Jillian and Ian Coutts stand outside their Lismore home that's still being fixed after last year's hailstorm.
Jillian and Ian Coutts stand outside their Lismore home that's still being fixed after last year's hailstorm. THe Northern Star/David Neilsen

Coutts family still living hail storm anguish

IAN Coutts and his family were on holidays when the devastating hail storm hit Lismore in October last year, but they are still living with the aftermath.

Luckily the damage to the Coutts' rented home wasn't extensive.

However, they are still one of many households in the area waiting for a new roof.

“There were no leaks, but there was still a bit of damage,” Mr Coutts said.

“The cladding out the back was badly dented and there were a few holes in the flyscreen, but thankfully no broken windows.

“I was sad my veggie patch got destroyed, but it has come back.”

Mr Coutts, his wife Jillian and their one-month-old son went away last week while the scaffolding went up to begin repairs to their roof, but rain over the weekend put a dampener on the work.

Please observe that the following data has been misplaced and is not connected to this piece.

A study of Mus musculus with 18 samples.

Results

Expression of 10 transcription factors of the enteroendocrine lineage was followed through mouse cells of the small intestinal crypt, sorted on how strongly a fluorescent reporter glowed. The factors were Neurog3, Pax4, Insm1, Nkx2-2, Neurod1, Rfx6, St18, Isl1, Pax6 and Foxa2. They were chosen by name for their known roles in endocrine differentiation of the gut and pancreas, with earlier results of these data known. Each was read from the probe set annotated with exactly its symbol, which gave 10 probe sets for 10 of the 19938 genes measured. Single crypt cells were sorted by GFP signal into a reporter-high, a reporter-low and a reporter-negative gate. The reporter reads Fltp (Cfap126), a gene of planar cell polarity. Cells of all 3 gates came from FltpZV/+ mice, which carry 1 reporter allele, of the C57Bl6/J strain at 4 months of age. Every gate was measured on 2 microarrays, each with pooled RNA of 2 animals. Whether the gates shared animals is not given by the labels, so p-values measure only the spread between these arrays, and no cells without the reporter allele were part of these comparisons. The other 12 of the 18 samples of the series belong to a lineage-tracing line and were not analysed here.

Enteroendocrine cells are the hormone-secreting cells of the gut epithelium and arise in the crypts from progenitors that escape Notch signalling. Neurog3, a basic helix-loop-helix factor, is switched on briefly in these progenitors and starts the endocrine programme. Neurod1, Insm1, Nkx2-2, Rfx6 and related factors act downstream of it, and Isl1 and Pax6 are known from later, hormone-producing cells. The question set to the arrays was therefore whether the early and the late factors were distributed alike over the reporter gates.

“It has been a long process, but it has been okay,” Mr Coutts said. “Next door just had its roof finished.”

Those in the roofing business have been flat out keeping up with demand in the past 12 months.

Trevor Gale, of Trevor Gale Roofing and Building, was building houses in the Lennox and Ballina areas at the time of the big storm.

Now he spends his time repairing roofs in Lismore because of the demand.

“It's been crazy,” Mr Gale said.

“There are seven in my crew and we're doing two roofs a week for the next six weeks.

“I reckon there's enough work to get us to Christmas, and I wouldn't be surprised if it carries on into the New Year.

“Lismore is huge – how many roofs would there be?”

Mr Gale said there had been a 'real variety' of storm damage.

“Some roofs only suffered a couple of dings, but others were badly damaged and are full of rust,” he said.

Others benefiting from the clean-up are those in the scrap metal business.

“We were selling it for a while,” Mr Gale said.

“Now the price has gone right down, so we have been getting it taken away for free.

“You would generally get a tonne and a half off a decent-sized roof.”

Mr Gale said a lot of crews came down from the Gold Coast immediately after the storm, but most of them had now left, leaving mainly local tradesmen to finish off the job nature started 12 months ago.